Embedded technology is revolutionizing the way we engage with objects of importance in our lives.
An inspiring example of this is the Maccabeam, an automated light up Menorah designed by Samuel Goldstein that offers a modern take on the seven-branched candelabra that is traditionally illuminated over the course of Hanukkah.
Thoroughly documented on his blog, Samuel’s invention uses a GPS module connected to a Teensy 3.2 to deduce the time and location and calculate the Hebrew date.
If it’s determined that it’s time to do so, the WS2812 RGB LEDs in the menorah will illuminate stars cut in the menorah’s laser cut wooden structure in colorful animations along the branches, resulting in the corresponding “lamps” (miniature jars of olive oil) at the tip of each branch to be lit up by the laser diodes below. The Maccabeam also includes an LCD display noting details like the time for sun up and sun set as well as sound effects played through a piezo speaker.
Finding commercially available keyboards to be lacking, forum user smarrocco decided to create the custom keypad of their user-specific dreams as well as a corresponding TFT display.
On their blog, smarrocco discusses their design process in detail from identifying problems in existing commercial (including custom and gaming) keyboards to designing and developing his own vertical keypad to meet personal requirements. In the final design, the keys are grouped vertically placed in two sections according to their utility and an extra “thumb section” is added in consideration of left-handed artists like himself. Instead of printing labels on the keys themselves, he elected to use a TFT display in order to identify the buttons in order to allow the keys to be remapped in software without the user needing to move the physical components.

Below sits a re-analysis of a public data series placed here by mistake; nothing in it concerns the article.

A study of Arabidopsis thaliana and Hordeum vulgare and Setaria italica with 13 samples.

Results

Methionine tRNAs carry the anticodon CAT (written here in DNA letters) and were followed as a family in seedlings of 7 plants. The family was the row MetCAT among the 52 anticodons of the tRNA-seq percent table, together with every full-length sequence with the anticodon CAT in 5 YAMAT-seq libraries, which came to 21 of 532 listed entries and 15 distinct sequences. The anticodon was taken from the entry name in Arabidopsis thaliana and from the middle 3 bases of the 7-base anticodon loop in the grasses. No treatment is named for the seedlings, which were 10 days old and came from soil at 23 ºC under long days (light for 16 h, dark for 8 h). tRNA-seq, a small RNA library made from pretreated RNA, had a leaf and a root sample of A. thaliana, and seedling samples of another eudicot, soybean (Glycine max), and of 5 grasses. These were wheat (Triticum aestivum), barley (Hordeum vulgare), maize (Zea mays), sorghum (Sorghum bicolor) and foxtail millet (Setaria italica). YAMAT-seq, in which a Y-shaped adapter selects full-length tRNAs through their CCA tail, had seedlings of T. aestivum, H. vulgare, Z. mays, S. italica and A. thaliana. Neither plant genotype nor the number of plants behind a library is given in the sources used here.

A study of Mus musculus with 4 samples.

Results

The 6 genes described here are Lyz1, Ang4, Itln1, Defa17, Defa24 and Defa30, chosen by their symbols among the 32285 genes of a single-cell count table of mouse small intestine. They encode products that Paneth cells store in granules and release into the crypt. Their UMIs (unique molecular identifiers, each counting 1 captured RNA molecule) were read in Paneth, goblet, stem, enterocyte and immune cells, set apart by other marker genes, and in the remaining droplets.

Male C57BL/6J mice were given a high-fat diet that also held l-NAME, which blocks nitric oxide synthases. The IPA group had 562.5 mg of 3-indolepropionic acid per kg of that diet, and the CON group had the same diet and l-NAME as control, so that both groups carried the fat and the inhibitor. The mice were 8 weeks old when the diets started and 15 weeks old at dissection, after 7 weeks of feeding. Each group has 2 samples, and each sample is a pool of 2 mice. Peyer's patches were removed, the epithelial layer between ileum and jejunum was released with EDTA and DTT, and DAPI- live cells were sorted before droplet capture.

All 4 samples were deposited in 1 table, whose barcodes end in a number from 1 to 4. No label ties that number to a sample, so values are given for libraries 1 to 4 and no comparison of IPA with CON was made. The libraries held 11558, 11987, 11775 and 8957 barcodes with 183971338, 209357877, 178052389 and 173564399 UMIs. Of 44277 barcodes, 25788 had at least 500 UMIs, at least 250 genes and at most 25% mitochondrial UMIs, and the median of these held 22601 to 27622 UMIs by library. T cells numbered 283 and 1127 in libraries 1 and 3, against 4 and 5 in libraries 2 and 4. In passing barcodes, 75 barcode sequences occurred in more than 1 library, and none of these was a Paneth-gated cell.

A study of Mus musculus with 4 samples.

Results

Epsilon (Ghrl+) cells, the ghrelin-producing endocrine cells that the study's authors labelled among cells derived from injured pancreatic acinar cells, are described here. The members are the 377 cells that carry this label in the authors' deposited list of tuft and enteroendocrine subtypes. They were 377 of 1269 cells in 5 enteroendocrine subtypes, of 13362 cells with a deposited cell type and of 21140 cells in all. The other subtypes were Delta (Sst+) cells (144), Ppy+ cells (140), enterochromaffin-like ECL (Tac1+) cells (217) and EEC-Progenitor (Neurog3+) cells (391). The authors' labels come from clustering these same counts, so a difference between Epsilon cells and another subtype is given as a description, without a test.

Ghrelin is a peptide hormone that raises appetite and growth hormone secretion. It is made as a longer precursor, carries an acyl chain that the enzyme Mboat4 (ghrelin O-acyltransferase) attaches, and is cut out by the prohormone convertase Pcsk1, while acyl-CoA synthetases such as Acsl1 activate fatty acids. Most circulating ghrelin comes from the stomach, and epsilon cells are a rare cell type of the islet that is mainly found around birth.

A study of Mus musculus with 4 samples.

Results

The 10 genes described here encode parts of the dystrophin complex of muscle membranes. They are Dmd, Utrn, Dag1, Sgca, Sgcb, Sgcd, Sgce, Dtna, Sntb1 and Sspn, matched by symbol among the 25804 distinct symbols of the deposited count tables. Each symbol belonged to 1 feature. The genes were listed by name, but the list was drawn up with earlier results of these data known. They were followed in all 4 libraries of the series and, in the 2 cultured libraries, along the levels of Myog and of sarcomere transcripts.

To drive the display and process the switches below the keys, he uses a Teensy 4.0 connected to an SD card reader that stores the settings. The project is an interesting study in producing custom interfaces as well as human-centered design approaches that consider how we can reinvent our electronics to be better suited for our needs.
A team of researchers from Saarland University and the University of Sydney have designed Tactlets, an approach that allows makers to easily add tactile feedback and control using printable inputs to everyday 3D objects.
The project—called Tactlets—introduces a new digital fabrication method of custom printing elecro-tactile elements using either conductive inkjet printed traces or FDM 3D printing using filament embedded with conductive material. The resulting tactlets can be arranged on everyday objects to form buttons, sliders, and other input systems providing a wide range of control. The touch sensing itself, which includes distinguishing between types of touches such as a hold, swipe, etc. is all programmed using a Teensy 3.2, making use of its built-in capacitive touch pins and touch sensing library.
The team highlights that tactlets could be extremely useful for product designers and engineers for rapid prototyping and user interface testing as they can easily be rearranged and quickly produced to test various designs for user interaction. For those who are curious to learn more about the project, the developers have posted a paper on the subject that includes the history of the project, its findings, and implications.
Peter uses a Teensy 3.6 and a PJRC library for the PWM control, which allows a great amount of fine adjustment. There are two pickups on the right and left of the string, allow composition to represent different overtone curves over the speakers. The fast movements of the motors can lead to highly rhythmic patterns. Peter posted about the project as well as uploading a demonstration to his YouTube channel.